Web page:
My Memories of the Roseville Store
by Jerome Koenigsfeld
When Grandpa Peter died, I was 1 years-old, so I never knew him. Grandma King kept to herself and we saw very little of her in her later years. One day, during the middle of the week, Dad and I were working in the store, when Grandma came down all dressed up for church. Dad asked her where she was going and she said "well, don't you hear the bells ringing?" So, off to church she went. After about a half hour, I asked Dad if I should go get her and he said, "no, let her be". She came back in about an hour upset, not because she sat in church for one hour but because no one else showed up for church, not even the priest! Now, after all of these years, I finally know what she was talking about, I hear the "bells ringing" sometimes.
The farmers from the area usually came in more during the winter months and would stand around the stove to stay warm and shoot the bull. Sometimes it got quite deep in there. A lot of the talk was about farming, or the crops, animals, or hunting, but sometimes the stories became quite wild and then the arguments would ensue of who was lying and who wasn't. Then at times when Alfonse Wilhm and/or Pete Marzen would come in laughing and telling their stories we would laugh until we cried or our sides would hurt just laughing at them telling their stories. Adolph Vala used to come into the store and stand at the counter. Sometimes he would draw an animal on a piece of paper so quickly and so perfectly, that it looked like a photograph. He was also one of the best hunters and trackers in Roseville.
Then there was the lady that knew when the Hormel meat supply would come into the store. She was there religiously, asking if the meat was fresh, and Dad would tell her that "if it were any fresher it would slap your face".
Some business people traveling on highway 14 would stop at our store, men dressed in nice suits and women in fancy dresses. They would hurry into the store and ask "where the restrooms were?" and I would tell them, the last door at the end of the building and point east. They would hurry off in that direction, then in less than a minute, they would hot-foot it back to their car and spin their tires and off they would go and I would just say to myself, "guess they really didn't need to go". Years later, it occurred to me that when they opened the door and saw the two-holer, it must have been quite a shock, it still makes me laugh when I think about it.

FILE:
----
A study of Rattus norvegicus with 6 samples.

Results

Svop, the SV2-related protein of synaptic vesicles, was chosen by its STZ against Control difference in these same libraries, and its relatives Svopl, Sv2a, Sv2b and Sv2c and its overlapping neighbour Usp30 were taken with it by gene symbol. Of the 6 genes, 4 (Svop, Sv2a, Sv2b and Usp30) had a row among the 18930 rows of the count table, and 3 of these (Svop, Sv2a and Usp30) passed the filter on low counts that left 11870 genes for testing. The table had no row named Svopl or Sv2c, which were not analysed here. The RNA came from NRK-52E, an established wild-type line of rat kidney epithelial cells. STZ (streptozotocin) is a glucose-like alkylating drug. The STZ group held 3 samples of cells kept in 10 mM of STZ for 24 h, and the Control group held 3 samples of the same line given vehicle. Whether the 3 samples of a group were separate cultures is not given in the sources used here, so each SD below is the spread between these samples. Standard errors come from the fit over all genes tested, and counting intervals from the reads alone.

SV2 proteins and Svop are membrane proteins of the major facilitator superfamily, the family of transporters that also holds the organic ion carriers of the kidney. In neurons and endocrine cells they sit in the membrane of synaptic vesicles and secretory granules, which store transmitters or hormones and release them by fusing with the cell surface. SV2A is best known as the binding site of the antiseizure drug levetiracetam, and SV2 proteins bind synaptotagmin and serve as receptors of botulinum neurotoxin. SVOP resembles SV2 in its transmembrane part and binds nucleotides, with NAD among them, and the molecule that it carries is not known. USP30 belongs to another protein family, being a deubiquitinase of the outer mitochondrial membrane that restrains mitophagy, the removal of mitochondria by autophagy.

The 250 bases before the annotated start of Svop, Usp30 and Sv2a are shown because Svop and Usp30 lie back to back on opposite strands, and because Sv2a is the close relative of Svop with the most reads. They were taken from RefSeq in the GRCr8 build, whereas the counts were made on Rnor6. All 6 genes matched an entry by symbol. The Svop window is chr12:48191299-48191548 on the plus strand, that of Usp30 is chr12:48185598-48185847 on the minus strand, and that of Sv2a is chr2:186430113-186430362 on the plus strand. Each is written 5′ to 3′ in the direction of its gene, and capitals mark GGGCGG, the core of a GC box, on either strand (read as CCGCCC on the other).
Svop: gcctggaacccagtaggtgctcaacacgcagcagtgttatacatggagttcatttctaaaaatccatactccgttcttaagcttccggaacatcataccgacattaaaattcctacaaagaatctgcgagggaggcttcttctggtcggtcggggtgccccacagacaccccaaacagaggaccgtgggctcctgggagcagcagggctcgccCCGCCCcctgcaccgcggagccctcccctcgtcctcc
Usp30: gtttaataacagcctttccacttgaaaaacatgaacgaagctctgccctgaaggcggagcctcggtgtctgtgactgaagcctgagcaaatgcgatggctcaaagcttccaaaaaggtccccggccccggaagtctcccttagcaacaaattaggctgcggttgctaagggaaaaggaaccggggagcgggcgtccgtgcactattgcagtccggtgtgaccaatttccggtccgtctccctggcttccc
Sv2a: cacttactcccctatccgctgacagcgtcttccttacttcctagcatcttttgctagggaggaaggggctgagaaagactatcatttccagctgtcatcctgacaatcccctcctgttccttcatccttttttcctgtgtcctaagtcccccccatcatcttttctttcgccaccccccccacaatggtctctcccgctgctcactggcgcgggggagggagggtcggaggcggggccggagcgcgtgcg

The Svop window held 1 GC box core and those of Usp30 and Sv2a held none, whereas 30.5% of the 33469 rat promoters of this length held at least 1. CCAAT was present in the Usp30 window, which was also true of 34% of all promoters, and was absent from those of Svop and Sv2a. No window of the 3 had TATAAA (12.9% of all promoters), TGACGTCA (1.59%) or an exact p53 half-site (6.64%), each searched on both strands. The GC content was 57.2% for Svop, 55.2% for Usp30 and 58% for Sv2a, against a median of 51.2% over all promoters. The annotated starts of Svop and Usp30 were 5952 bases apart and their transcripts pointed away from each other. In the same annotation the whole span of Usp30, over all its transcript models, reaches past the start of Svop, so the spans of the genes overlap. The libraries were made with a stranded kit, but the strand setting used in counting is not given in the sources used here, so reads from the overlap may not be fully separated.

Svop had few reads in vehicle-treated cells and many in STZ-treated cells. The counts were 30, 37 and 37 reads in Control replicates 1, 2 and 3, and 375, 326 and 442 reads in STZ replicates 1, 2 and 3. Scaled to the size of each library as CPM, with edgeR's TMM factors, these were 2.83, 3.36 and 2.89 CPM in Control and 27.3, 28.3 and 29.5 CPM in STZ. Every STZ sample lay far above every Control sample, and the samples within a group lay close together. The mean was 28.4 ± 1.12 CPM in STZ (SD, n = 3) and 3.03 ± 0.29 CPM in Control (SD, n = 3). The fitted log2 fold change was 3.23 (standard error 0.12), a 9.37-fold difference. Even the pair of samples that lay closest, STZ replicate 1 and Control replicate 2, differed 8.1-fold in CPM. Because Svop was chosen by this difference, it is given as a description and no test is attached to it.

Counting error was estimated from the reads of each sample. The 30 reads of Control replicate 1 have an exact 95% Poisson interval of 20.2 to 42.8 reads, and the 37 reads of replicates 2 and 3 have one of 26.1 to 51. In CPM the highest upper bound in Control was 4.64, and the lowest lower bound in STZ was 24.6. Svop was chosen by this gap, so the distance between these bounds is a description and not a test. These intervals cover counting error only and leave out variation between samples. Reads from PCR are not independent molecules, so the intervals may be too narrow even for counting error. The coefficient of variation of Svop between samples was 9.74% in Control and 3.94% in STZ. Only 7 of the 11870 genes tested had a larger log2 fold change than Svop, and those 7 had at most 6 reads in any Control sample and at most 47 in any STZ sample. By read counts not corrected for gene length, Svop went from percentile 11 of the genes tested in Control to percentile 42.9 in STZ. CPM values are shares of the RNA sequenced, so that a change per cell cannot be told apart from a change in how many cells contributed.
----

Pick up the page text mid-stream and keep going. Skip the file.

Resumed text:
The store was good work experience, each ticket was tallied by hand and then entered into the register so a receipt was made for Dad and the IRS. Not only did we sell groceries, bulk vinegar, oil, and feed, we also fixed flat tires, pumped gas and even served ice cream cones. Some years, on the last day of school at St. Mary's, Dad would bring the three-gallon containers of ice cream, the scoop, and cones and pass out one to every kid grades 1-8 and the Sisters. He was a big hit on that day!
Dad would buy the organic whole wheat from Deaf Smith County, Texas. We had an electric stone grinding mill, to grind the flour that we would package in 5 or 10-lbs bags. People would come from Iowa, Minnesota, Wisconsin and Illinois and other states just to buy this whole wheat flour. All of this was word-of-mouth advertising. Dad would periodically bake up 6 loaves of wheat bread of his recipe of black strap molasses, wheat, and other ingredients. When it came out of the oven we would eat 3 loaves immediately. We ate it with butter like it was candy.
When folks would run up a tab so high that they couldn't or wouldn't pay it, then they would go to other stores and avoid coming into the store for awhile. However, when their luck ran out and they hit hard times, they would come back in and make their plea to Dad for even more credit. Not once, in all of the time I worked there, did I see him turn anyone away. He wouldn't let them have luxuries, like cigarettes, but he made sure they had their necessities. You'd be surprised how many times you wouldn't see them again until their luck had ran out yet again. But Dad always said that they have children, and he couldn't turn them away. The majority of the customers had a running tab, but when they sold livestock or their crops, they came in to pay their bill. That was what made the store work.